Join Ralph Grizzle for a winter Arctic Norway cruise on Hurtigruten, beginning next week here on Avid Cruiser.
If you love the beauty of Norway’s magnificent fjords and the charm of the culture and people of this forward-thinking country, there is a wholly unique section of the country that often goes unexplored by cruisers. It is one that, until recently, was overlooked on many itineraries, but one that is also growing in popularity. We’re referring, of course, to Arctic Norway and the North Cape.
Arctic Norway can literally be defined as anything residing above the Arctic Circle, and it offers an experience that is arguably even more stunning than the more frequently visited Norwegian ports like Flaam and Oslo.
Near the very top of Norway, the town of Kirkenes is one of the most remote parts of Europe. It is 2,496 kilometers (1,550 miles) from the Norwegian capital of Oslo, or roughly the distance between Texas and the state of New York.
In Kirkenes, the Midnight Sun reigns supreme from May 17 to July 21, resulting in near constant daylight. Conversely, if you sail to Kirkenes during the winter months (yes, you can do this, courtesy of Hurtugruten), the corresponding winter darkness extends from November 21 to January 21.
If you have never experienced either of these two polar phenomenoms, doing so should be on your bucket list. It’s an absolute trip to be up at 1a.m. and have the sun shining brightly during the summer months. Light sleeper? A good pair of blackout drapes, fitted to nearly every Hurtigruten vessel, will serve you well. Conversely, you may want to consider an inside stateroom if you’re concerned about the Midnight Sun, though we’ve never had a problem in the balcony staterooms we’ve sailed in the region.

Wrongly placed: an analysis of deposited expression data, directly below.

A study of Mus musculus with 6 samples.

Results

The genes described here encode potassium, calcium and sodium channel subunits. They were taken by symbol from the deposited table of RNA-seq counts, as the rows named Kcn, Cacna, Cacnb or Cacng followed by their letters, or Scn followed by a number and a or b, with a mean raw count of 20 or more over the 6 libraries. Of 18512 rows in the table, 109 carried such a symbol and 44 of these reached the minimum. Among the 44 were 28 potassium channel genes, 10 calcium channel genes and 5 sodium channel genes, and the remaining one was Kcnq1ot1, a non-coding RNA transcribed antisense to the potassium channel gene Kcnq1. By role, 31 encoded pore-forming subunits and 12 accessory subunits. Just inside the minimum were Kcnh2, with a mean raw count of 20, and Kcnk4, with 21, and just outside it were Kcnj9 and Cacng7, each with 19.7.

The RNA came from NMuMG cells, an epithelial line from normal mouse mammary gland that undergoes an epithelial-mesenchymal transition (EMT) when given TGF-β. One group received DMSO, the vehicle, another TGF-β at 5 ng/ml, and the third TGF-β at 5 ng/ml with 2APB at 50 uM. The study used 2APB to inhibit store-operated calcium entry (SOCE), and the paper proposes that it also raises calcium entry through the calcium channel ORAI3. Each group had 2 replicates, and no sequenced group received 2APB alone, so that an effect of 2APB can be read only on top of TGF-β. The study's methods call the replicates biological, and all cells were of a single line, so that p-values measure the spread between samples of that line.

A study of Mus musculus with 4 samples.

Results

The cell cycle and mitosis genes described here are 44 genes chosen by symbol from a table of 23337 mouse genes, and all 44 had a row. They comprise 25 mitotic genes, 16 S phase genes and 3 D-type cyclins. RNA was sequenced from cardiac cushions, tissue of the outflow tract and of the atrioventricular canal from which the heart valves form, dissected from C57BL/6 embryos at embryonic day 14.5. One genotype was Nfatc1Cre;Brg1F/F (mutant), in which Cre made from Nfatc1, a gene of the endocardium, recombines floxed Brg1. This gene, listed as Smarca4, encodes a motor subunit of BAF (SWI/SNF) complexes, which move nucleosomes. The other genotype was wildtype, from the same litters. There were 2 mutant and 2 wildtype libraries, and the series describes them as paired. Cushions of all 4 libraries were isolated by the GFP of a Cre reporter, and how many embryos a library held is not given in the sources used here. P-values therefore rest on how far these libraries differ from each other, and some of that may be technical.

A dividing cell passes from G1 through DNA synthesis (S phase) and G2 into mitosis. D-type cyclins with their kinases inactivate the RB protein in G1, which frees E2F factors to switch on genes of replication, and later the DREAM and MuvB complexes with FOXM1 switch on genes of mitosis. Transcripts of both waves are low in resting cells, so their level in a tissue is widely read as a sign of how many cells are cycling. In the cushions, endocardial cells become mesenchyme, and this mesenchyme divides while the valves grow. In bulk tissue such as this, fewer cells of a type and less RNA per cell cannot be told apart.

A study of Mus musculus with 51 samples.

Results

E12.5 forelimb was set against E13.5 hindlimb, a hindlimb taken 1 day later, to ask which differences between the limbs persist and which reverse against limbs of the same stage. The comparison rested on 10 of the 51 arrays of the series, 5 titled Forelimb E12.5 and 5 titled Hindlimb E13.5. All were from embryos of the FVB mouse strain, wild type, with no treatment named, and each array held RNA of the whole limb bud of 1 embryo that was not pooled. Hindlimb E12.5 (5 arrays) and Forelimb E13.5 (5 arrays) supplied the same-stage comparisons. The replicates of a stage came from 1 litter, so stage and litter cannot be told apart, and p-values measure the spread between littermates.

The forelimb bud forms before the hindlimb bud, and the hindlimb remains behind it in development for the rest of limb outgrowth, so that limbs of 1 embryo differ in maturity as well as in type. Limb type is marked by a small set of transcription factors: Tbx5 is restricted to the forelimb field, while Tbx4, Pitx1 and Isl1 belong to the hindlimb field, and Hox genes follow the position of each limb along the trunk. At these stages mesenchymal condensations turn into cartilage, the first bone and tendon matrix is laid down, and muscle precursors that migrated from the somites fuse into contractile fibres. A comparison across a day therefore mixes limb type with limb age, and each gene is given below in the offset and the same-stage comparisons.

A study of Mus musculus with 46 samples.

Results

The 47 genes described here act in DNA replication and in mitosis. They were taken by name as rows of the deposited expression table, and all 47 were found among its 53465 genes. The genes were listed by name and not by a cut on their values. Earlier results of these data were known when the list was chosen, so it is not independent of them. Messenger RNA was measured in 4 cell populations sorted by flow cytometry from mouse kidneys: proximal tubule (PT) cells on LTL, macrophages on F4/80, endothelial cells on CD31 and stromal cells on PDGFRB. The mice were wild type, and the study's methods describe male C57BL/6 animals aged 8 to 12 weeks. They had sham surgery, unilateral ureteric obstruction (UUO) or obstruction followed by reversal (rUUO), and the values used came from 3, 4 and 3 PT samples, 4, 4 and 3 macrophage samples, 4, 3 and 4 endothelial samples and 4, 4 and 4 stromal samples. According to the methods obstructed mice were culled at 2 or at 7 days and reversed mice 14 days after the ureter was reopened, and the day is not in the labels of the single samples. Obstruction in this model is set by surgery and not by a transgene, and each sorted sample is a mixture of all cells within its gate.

Heading south, another popular port of call is Honningsvag, which claims to be the northernmost city in the world. With its ruggedly beautiful hills towering over the buildings, sailing in among the polished, nearly featureless cliffs that rise straight out of the sea is a sight to behold. Despite its northern location, the climate here is kept rather mild thanks to the Gulf Stream that keeps the average mean temperature around 2 Celsius (36 Fahrenheit) year-round.
Farther south still, Tromso is one of the most frequently offered ports on Arctic Norway voyages, with a few cruise ships even venturing to the ninth-largest city in Norway on regular Northern European sailings. t
Tromso’s city center features the highest amount of old wooden houses in Northern Norway, and was once known as the “Paris of the North.” For those traveling during the winter months, Tromso remains one of the best places in the world to witness the stunning phenomenon known as the Northern Lights.
During the winter months, the multi-colored streaks of light can be seen in the night sky frequently between 6 p.m. and midnight.
Finding voyages that sail to Arctic Norway and the North Cape can be a bit of a challenge, but many lines do offer them now, with most sailing at least once a year. These sailings typically depart in the summer months, when weather conditions are most favorable. Between June and August, lines like Holland America, Princess Cruises, Silversea, and of course, Hurtigruten, offer sailings that can stretch as far north as Kirkenes, with a few even continuing on to the Far North Russian port of Murmansk.
]With one journey to the “Land of the Midnight Sun” under your belt, you’ll see why cruisers actively seek out this stunning voyage time and time again.